Conversations with the Makers

An array of questions to fibre/textile artists and their answers.


  ‘My life as an artist has taken many turns over the years. Artist as student, artist as teacher and now retired teacher as felt artist. Since my retirement, the discovery of felt making has charged me with a new artistic energy. I find the versatility and engineering possibilities for each project both mentally and physically stimulating. At the end of the day, there is usually a sweet surprise, an ah ha moment of inspiration giving me insight for future felt works, bringing with it new and unique possibilities.’

Pamela will be teaching at the FELT @ THE WINTER SCHOOL in JULY 2014...go here for all the info and enrolment form


CONVERSATION WITH THE MAKER(CWTM)Did you always envision a life as an artist?

PAMELA MACGREGOR(PM)Actually it was a toss up between art and biology.  Obviously art won out in college. 

CWTM Do you have a dedicated studio?

PM I am fortunate enough to have a lovely studio. We remodeled a part of my horse barn.   It is small and cozy but well equiped for my needs.


CWTM Can you describe a typical day?

PM My day begins at the computer and moves on to do daily chores in the barn.  Once the chores are done I slip into the studio for most of the day.  I try to treat my studio time as a regular work day.

 CWTM Would you consider your art making to be more about the process than the outcome?

PM My time spent in the studio is split evenly between process and outcome.  I experiment quite and bit and try to develop new idea for workshops and my own work, but I also do exhibition pieces.  I seldom do production work for galleries.


CWTM Do you agree that a small element of uncertainty about the finished look is what makes the process of creating so enticing?

PM I call the element of uncertainty in my feltmaking the “Ah ha” moment.  It is what makes the entire process interesting to me.  Working three dimensionally can be a challenge. How I mentally invision something does not always work out well in the actual engineering stage. Many twist and turns happen before the works is actually on display.


CWTM Any indispensable tools or equipment?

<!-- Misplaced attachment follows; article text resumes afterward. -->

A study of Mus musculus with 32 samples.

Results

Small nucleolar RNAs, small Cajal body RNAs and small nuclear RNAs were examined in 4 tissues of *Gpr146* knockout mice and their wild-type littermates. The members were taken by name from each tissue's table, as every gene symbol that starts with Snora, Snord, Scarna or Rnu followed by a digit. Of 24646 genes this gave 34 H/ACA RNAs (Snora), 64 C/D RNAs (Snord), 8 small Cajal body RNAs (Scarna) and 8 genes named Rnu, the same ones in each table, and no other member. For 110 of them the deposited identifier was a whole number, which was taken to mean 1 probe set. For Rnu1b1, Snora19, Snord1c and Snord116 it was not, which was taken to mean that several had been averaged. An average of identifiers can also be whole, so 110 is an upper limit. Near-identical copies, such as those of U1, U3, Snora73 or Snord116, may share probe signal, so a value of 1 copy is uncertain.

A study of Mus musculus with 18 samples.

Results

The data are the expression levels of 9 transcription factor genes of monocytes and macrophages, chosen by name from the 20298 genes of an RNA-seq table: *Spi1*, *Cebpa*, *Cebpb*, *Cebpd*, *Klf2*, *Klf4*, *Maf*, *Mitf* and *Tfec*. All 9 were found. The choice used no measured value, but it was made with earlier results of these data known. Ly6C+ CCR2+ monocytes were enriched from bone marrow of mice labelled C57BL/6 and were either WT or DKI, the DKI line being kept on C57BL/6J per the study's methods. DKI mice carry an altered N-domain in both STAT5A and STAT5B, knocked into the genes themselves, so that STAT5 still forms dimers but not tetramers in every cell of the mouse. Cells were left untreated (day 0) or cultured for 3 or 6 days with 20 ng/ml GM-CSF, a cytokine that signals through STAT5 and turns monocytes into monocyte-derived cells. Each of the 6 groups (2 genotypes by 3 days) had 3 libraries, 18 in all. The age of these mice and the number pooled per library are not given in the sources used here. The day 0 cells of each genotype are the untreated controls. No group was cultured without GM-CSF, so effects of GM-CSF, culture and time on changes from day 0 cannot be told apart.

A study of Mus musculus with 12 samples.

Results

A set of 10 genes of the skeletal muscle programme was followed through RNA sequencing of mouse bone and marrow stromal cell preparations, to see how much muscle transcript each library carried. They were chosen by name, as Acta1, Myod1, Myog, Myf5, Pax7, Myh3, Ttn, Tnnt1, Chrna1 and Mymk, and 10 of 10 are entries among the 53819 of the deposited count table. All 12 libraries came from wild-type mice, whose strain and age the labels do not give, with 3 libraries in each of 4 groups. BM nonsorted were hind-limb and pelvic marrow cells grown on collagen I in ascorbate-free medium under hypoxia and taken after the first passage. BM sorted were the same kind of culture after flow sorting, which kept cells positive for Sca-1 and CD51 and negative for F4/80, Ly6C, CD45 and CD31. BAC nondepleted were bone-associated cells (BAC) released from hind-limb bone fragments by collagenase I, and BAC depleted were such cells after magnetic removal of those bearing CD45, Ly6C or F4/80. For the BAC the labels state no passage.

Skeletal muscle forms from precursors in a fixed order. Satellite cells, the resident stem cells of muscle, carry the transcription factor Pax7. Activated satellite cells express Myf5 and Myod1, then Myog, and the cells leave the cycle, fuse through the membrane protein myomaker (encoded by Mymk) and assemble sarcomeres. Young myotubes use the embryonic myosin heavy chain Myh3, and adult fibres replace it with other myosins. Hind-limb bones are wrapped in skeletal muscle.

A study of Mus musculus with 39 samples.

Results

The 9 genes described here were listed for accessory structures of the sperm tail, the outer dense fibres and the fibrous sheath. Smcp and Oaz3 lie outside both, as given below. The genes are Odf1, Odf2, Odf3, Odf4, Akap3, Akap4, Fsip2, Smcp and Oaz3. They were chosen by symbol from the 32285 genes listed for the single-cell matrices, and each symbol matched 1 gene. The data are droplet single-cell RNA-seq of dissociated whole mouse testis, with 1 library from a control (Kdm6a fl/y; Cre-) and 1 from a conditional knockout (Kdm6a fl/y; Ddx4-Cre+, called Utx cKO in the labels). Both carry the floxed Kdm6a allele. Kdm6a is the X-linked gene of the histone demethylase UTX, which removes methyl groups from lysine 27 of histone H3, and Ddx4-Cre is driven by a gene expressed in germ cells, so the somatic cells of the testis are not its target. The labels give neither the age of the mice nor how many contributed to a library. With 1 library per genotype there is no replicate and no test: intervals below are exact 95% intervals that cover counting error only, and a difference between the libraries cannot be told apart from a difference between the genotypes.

PM I find some of the simpler tools found in the kitchen and hardware stores the best. My four favorites are the rolling tool I made,  a spring loaded, long needlenose plyer,  a dish drainer and flour sack dish towels to be the tools I use daily.


CWTM Do your pieces start with a planned course of action or are they more spontaneous?

PM I usually have an idea or a sketch of what I what  to do, but quite often the felt tells me where to go once I am actually in the project.  I embrace spontineity.


CWTM How do you know when to “stop” – when do you consider a piece actually finished?

PM I am not sure a work is ever really finished.  I have older works I pull of the shelf and “update” to my current level of felting.  I could pick them apart for hours.  I just have to tell myself “It is now done and leave it alone!”



CWTM Favourite quote?

PM This in my favorite quote since I have been retired.  I  borrowed it from my son.  “ I do what I like and I like what I do.”


CWTM When do you do your best creative thinking? 

PM My best creative thinking is done  just as I wake up and  just before I go to
sleep..  I keep a sketch pad right next to the bed.


CWTM What do you enjoy most about your work?

PM Felting gives me so many options.  I feel there are never any misstakes only discoveries.  Every piece of felt can be used in some way.


CWTM Best advice you’ve ever received?

PM Relax and breath is the best advice, but I often find myself holding my breath.



CWTM Best part of your day?

PM Mornings when no one is home.


CWTM Who would be 6 people that you would invite to dinner?

PM Georgia O’Keefe, Picasso,The Dali Lama, Mother Teresa, my Father, and Frieda Khalo would be very inspiring and interesting people to invite to dinner.



CWTM What are you excited about right now in the world of textile art?  

PM Sculpture is always exciting to me.  I also really enjoy Elis Vermuelen’s instalations.


CWTM You’d be lost without…

PM I would be lost without my husband and his loving support.


 CWTM Has the advancement of computers and technology impacted your work?

PM Yes the advancement of computers and technology have impacted my world by bringing felters into a larger and much more connected global community of felters.   It is also so wonderful to be able to see what so many felters are creating at a push of a button.


CWTM What do you enjoy most about your work?

PM The wool, it  brings me joy.  I love the touch, the smell and all that can be made from it.



CWTM What is next for you?

PM I will continue my studies of three dimensional felt work and hopefully include other mediums into it.